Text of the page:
Freestanding planter pots with plants are used extensively for exterior beautification throughout the world. Combinations of live plants and planters are used to great effect either as a matter of choice or as the only practical solution to injecting some live planting into an environment. So far, little attention has been given to the thermal characteristics vis-à-vis ‘heat transfer to the roots’ which this article addresses.
The technological requirements to effect some control over the thermal performance of planters is described, together with the particular benefits that flow from its application.
There are some inherent restrictions with regard to the type of planter and variety of plant that can be used, which in extreme environments can be compounded to make the selection of suitable plant/pot combinations limited.
Plants grown in planters will by the nature of the arrangement, have a limited root volume, unlike plants in the ground which will be able to spread their roots with little to no restrictions. The limited root zone must, therefore, provide the best conditions and environment to provide a secure anchorage for the plant in addition to the most suitable physical environment vis-à-vis water, nutrition etc.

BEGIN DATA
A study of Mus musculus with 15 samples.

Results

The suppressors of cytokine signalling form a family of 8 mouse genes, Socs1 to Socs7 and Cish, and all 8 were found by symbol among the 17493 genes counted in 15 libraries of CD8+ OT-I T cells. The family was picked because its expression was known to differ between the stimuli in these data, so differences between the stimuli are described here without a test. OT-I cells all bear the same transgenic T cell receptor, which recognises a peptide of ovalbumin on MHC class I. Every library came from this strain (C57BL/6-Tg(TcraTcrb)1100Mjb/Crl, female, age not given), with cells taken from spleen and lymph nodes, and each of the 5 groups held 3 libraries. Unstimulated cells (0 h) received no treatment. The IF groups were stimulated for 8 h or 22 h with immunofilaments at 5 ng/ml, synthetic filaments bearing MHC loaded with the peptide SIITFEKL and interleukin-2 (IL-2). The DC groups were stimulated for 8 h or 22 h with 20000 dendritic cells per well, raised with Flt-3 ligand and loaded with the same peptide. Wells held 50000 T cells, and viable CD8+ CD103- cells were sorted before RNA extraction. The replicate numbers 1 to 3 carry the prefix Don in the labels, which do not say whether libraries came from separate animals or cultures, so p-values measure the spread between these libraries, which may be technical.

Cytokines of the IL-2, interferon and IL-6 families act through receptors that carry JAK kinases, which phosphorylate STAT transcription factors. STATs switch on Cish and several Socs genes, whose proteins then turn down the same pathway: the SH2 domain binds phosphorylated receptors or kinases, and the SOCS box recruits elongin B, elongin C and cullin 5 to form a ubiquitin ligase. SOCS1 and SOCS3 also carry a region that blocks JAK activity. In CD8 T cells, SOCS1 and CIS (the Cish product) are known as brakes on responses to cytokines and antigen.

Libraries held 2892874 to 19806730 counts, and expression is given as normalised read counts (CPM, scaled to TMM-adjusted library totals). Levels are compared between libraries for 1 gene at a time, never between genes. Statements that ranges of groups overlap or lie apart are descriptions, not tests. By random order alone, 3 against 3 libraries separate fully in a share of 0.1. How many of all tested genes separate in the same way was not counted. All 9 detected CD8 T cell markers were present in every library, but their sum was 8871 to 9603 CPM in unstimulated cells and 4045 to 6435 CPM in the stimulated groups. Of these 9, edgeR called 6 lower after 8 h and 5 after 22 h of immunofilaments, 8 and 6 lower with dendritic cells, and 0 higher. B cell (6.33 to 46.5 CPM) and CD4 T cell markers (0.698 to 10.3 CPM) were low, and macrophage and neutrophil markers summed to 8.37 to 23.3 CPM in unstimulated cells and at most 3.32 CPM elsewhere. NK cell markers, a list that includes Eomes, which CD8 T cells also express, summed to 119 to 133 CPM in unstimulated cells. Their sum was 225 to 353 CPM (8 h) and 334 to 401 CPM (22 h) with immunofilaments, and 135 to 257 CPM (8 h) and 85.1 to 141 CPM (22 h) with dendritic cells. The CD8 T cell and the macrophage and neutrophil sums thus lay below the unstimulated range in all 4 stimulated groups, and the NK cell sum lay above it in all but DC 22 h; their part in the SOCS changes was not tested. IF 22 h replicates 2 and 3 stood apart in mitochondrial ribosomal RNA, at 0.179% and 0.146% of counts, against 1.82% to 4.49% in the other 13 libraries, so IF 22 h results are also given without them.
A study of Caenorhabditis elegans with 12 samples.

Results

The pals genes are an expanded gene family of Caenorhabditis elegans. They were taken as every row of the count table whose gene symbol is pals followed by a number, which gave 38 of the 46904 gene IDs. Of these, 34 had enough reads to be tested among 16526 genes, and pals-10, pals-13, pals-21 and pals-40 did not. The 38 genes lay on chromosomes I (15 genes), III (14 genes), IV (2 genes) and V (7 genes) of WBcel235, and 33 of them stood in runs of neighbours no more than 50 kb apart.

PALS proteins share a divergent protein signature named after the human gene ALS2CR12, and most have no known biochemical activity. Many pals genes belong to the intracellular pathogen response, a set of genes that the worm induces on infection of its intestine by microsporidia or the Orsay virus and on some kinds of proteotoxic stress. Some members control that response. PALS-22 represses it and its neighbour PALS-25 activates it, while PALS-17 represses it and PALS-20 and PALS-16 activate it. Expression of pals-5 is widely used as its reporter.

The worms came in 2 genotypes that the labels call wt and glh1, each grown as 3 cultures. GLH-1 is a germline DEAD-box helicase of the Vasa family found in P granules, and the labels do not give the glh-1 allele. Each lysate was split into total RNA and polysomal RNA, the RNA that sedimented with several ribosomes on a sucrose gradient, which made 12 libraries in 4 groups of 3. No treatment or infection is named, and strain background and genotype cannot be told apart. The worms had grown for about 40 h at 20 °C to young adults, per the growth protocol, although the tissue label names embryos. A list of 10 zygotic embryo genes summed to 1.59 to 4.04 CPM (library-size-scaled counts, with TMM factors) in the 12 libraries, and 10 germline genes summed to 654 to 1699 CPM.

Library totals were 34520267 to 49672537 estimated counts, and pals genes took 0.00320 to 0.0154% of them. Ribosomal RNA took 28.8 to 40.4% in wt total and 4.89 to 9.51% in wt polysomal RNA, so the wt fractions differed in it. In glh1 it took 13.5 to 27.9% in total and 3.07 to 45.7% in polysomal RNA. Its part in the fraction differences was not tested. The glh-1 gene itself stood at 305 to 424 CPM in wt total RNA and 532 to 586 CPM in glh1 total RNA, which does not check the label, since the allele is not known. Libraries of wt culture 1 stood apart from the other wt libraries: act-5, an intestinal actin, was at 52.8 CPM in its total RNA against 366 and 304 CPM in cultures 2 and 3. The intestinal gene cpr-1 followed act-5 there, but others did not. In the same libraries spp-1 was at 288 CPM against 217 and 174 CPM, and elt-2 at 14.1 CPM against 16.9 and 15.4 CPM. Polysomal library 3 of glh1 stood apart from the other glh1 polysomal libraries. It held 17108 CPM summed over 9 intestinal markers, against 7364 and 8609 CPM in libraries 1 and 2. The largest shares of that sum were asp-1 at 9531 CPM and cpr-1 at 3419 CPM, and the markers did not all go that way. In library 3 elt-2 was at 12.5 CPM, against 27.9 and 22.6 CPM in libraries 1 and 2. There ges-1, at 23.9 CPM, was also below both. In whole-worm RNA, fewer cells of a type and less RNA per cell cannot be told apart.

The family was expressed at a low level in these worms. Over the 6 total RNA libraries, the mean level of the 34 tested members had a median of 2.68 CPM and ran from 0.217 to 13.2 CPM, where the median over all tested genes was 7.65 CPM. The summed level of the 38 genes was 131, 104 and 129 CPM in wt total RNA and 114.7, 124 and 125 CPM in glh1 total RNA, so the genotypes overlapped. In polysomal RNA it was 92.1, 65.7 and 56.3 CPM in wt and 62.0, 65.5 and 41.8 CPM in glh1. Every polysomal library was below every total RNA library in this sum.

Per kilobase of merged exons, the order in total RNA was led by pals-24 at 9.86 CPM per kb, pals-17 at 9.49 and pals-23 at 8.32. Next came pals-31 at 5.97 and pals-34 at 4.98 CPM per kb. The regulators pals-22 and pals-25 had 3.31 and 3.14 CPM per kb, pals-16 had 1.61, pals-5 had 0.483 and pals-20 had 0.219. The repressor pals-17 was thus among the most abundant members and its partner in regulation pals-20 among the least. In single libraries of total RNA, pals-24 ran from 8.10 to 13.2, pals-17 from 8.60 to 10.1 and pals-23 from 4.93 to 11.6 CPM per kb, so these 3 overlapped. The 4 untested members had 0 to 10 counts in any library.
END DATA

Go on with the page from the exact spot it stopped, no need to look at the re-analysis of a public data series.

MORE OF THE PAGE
A lesser known and understood variable is the root-ball temperature, a factor that can play a significant role in extreme ‘hot & cold’ climates. The ‘hot’ climate is looked at in the United Arab Emirates, where summer temperatures can reach 50°C in the shade.
The United Arab Emirates has some beautiful landscapes, and much time, effort and money go into their creation and maintenance. The vast predominance of the exterior landscape is “in the ground”, but there are also many free-standing planters and ‘built-in planters’ on display. Few plant varieties thrive in pots in the harsh summer conditions, however, so the choice of plant and pot selection is severely limited.
Providing thermal protection to plant roots in planters was an idea conceived and developed by Douglas Bott at Siji Greenhouse. Experiments have been carried out over the last four years to examine the potential benefits of providing thermal lining to planters, with a view to ameliorating the deleterious effects of temperature variations in the root zone.